Since its inception in 2006, Chicago Folks Operetta has done an admirable job of digging into the past and unearthing long forgotten operettas by Viennese and German composers. A lot of detective work is involved in finding these lost treasures, says artistic director Gerald Frantzen.
“Our goal is to figure out which works still have legs and then revitalize and refurbish them,” Frantzen says. “We’ve found ourselves in the position of not only recovering these works but also giving these lost composers a voice.”
When: June 24-July 9
Where: Chicago Folks Operetta at Stage 773, 1225 W. Belmont
The company’s current summer season is a bit different than past seasons. For one, it features a work created by a well-known German composer, Kurt Weill, and American playwright Paul Green; second, the season has a theme — War and Remembrance. Weill and Green’s anti-war operetta, “Johnny Johnson” fits the company’s mission perfectly as it is very rarely staged.
“You are never going to get a chance to see a fully staged production of ‘Johnny Johnson’ anywhere else,” states the show’s director George Cederquist. “It’s just not done, and if it is, it’s usually simply presented in a concert version.”
The season’s War and Remembrance theme is a nod to the 100th anniversary of the United States entry into World War I in April 1917. The musical’s title was inspired by the fact that the name Johnny Johnson appeared on WWI casualty lists more than any other name.
Co-authored with Pulitzer Prize-winning playwright Green, “Johnny Johnson” was Weill’s first work after leaving Germany and landing in the United States. It debuted in 1936 at New York’s Group Theatre (cast members included Lee J. Cobb, John Garfield and Elia Kazan). The Chicago Folks production, with music direction by Anthony Barrese, marks the operetta’s Midwest premiere.
Based on Jaroslav Hasek’s satiric novel “The Good Soldier Svejk,” the story is set during World War I as tombstone cutter Johnny Johnson (Gabriel Di Gennaro) is persuaded by his sweetheart, Minny Belle (Kaitlin Galetti), to enlist in the army. Once in France, he is confronted by the horrors of trench warfare and is determined to find a way to stop the war. Without giving away the entire story, suffice it to say things quickly go south for Johnny despite finding some success with his plan.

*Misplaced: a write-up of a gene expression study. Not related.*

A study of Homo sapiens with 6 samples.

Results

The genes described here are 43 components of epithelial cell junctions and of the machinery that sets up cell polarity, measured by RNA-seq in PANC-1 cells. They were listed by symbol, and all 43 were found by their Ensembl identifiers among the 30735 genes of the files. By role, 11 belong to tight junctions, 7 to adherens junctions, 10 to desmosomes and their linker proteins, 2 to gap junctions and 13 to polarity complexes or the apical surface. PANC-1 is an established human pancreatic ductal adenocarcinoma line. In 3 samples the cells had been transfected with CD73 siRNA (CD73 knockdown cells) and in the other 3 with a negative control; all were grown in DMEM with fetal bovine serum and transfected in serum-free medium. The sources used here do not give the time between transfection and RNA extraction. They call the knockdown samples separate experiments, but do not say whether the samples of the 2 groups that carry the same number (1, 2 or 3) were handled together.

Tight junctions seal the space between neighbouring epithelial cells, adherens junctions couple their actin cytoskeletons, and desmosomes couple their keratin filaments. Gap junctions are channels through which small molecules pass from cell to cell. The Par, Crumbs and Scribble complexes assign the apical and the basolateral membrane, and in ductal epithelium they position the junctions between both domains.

Of course, Chicago Folks is a niche company. There are maybe one or two companies in the entire country doing this sort of exploration, Frantzen says. “It’s an unusual space to fill,” he notes. “The Weill piece met our requirements of a show that needs rehabilitation in order to remount it. We didn’t have to translate it but musically it did feel like a translation.”
The show was created for the Federal Theatre Project, a Depression era program with a goal of putting people to work. The original show featured 60 actors and an orchestra; the Chicago Folks staging has 11 actors/singers in multiple roles and a 15-piece orchestra. Frantzen and Cederquist cast a wide net when looking for performers drawing from singers from the Lyric Opera and the Chicago Symphony and Grant Park choruses as well as from the city’s musical theater acting pool.
Cederquist, who is artistic director at Chicago Fringe Opera and an ensemble member at Steep Theatre,” says he immediately fell in love with Weill’s music, which includes stand-alone songs sung directly to the audience in true Weill fashion as well as orchestral music, which underscores a lot of the scenes.
“The instruments Weill used include banjo and organ which in his German mindset he thought of as extremely American,” Cederquist says. “Anthony is so good at bringing out all these different sounds in the orchestra.”
Frantzen, who admits to a “disproportionate interest in World War I” and owns a library of 300 books on the subject, says you can’t underestimate the impact the war had on the world.
“To me it’s the single most important event of the 20th century. I think Weill’s piece was prophetic in the sense that it was really a shot across the bow warning of a larger war, World War II, looming on the horizon.
“And in these times with nationalism so ramped up around the world it’s an appropriate reminder that history is always teaching us. The first World War still illustrates many lessons that still need to be learned.”
Chicago Folks Operetta’s season also includes a two-night performance of “Operetta and The Great War” (June 28-29, $30), a multi-media concert looking at how the European operetta industry survived The Great War. The evening features performances of songs from many forgotten WWI operettas.
Mary Houlihan is a local freelance writer.